Escalation: Trump vs. Iran

The US and Iran are headed down a dangerous path.

On April 22, President Donald Trump tightened the screws on Iran's economy by announcing that China, Japan, India, South Korea, Turkey, and others would no longer be granted exemptions from US sanctions to continue buying Iranian oil, the country's most important export.

On May 5, US National Security Advisor John Bolton announced the deployment of a carrier strike group and bombers to the Middle East in response to "indications and warnings" that Iran threatened US forces.

Iran then announced this week that it would mark Wednesday's one-year anniversary of Trump's decision to withdraw from the Iran nuclear deal by ending compliance with two provisions of that agreement.

In particular, Iran's President Hassan Rouhani warned that if the five other countries who signed that agreement—France, Germany, the UK, China, and Russia—don't act within 60 days to help Iran weather the economic storm created by US sanctions, Iran will ignore the deal's limits on uranium enrichment, setting it on the path, once again, to acquire a nuclear weapon.

A few things to keep in mind as you follow the progression of this story:


  • Trump has avoided aggressive military action, because he knows it has undermined the popularity of past presidents. He's made plenty of threats—against North Korea, Venezuela, and Iran, for example—but he's avoided ambitious commitments that come with high risk and long-term costs.
  • The president's national security advisor does not share his reluctance to use military force. John Bolton has been calling for regime change in Iran for more than a decade, and he authored a New York Times op-ed in 2015 under the headline "To Stop Iran's Bomb, Bomb Iran."
  • Trump may be suspicious of Bolton. A piece in Wednesday's Washington Post reported that anonymous "administration officials and White House advisers" claim that Trump has complained aloud that Bolton is pushing him toward military action in Venezuela. If nothing else, this story suggests that some in the White House are worried about Bolton's influence–on Venezuela, if not Iran. On Thursday, Trump said this to describe his relationship with Bolton: "John has strong views on things… I actually temper John, which is pretty amazing. Isn't it?
  • Iran's economy is in real trouble. Its leaders may feel they have little to lose by pushing the Europeans to provide an economic lifeline by threatening the nuclear deal. Trump's decision to reimpose sanctions has pushed the country into a deepening recession. GDP is projected to fall 6 percent this year, according to the IMF, making it one of the toughest periods since the Iranian Revolution in 1979. Its currency has lost nearly 60 percent of its value since sanctions were reimposed. Price inflation topped 30 percent last year and will rise even more quickly this year.
  • Europeans will do little to help Iran. The UK, France, and Germany have made clear they believe Iran has kept its end of the nuclear deal and that Trump was wrong to withdraw from it. In January, they created a payments system to help maintain trade in non-sanctioned food, pharmaceutical products and consumer goods with Iran. But Europe is struggling to convince companies more worried about losing access to US consumers than Iranian markets to keep operating there. And they warn they can't continue to abide by terms of the nuclear deal if Iran renounces important parts of it.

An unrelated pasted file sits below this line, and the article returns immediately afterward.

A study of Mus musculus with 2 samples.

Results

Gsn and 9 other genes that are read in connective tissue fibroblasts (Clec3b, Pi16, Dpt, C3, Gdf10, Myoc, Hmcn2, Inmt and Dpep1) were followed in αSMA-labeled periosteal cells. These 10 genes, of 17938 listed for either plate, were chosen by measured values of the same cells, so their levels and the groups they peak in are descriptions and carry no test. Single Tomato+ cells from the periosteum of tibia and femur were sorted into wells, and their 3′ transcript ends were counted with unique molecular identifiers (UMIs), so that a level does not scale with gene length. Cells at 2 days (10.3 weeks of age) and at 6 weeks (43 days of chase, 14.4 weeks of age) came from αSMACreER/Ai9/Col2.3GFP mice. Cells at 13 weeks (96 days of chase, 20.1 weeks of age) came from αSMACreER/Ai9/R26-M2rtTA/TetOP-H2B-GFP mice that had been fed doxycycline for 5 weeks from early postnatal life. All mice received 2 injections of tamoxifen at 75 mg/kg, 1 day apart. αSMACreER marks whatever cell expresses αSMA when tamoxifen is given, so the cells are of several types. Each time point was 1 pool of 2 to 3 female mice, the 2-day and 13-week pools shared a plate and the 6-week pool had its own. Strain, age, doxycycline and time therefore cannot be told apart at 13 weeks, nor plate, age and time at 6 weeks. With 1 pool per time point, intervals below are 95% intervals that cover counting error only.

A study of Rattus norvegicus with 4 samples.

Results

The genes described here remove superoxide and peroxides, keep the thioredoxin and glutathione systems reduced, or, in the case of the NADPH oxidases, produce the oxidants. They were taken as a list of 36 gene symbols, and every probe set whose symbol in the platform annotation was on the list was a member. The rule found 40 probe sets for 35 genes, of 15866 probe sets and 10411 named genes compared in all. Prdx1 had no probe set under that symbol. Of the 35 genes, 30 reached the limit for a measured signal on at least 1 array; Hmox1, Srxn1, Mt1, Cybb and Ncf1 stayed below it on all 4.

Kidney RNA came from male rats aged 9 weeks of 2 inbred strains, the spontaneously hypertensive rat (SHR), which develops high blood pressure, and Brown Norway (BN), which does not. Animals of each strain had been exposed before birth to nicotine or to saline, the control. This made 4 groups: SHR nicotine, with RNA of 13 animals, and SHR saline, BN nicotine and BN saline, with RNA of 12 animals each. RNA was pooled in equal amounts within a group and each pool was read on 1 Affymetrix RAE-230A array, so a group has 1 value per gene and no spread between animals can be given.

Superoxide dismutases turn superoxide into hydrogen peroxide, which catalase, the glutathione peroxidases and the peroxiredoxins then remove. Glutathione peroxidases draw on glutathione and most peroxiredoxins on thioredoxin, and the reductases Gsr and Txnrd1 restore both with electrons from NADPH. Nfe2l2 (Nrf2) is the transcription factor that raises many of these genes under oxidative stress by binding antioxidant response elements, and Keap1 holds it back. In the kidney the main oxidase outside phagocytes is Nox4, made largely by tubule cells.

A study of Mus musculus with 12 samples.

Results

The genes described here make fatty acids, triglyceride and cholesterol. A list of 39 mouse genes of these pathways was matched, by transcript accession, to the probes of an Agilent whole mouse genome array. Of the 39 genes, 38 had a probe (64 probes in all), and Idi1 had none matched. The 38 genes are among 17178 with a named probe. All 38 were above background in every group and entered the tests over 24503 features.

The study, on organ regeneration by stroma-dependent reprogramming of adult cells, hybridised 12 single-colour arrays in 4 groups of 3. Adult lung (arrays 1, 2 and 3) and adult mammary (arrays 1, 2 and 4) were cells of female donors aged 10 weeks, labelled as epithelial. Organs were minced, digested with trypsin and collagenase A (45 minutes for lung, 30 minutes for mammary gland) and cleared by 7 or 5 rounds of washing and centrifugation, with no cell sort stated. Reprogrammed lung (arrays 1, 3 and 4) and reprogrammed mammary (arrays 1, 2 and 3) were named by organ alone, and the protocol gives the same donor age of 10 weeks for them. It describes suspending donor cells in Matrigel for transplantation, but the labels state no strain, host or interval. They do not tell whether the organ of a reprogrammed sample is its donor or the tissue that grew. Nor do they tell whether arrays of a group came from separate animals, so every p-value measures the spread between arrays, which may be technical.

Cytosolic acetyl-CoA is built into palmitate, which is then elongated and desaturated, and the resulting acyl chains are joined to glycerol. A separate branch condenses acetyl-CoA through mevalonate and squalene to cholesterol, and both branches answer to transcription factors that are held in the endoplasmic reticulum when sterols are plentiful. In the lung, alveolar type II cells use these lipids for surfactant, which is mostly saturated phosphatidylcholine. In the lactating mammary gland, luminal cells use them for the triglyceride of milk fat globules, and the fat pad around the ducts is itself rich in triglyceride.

The bottom line: Tensions are rising quickly, and for now there is little ground on which the US, Iranian, and European governments can compromise.

The Paris Call for Trust and Security in Cyberspace launched in 2018 with the commitment of signatories to stand up to cyber threats like election interference, attacks on critical infrastructure, and supply chain vulnerabilities. Last week, on the first anniversary of the call, the number of signatories has nearly tripled to more than 1,000 and now includes 74 nations; more than 350 international, civil society and public sector organizations; and more than 600 private sector entities. These commitments to the Paris Call from around the world demonstrate a widespread, global, multi-stakeholder consensus about acceptable behavior in cyberspace.


Forty years ago, Islamic extremists angry at the Saudi government's experiments with social liberalization laid siege to the Grand Mosque of Mecca, the holiest site in Islam.

The attack came on the heels of the Iranian revolution across the Gulf, putting the House of Saud and its American backers in a precarious spot. Tehran had challenged Saudi Arabia's Islamic legitimacy from without, while jihadists were now doing the same from within. For a few days it seemed as though the world's most important oil producer – and the custodian of Islam's holiest places – might be in danger of collapse.


They held the complex for two weeks before a French-trained Saudi force rooted them out, but the fallout from the attack went on to shape the modern Middle East in ways that are still with us today: in the scourge of transnational jihadism and the deepening rivalry between Saudi Arabia and Iran.


Well, I mean, not a lot. I mean, keep in mind that this is also the administration that moved the embassy to Jerusalem, from Tel Aviv. Everyone said that was going to be a massive problem. Ultimately, not many people cared. Same thing with recognition of Golan Heights for Israel. This is just one more give from the Americans to the Israelis in the context of a region that doesn't care as much as they used to about Israel - Palestine.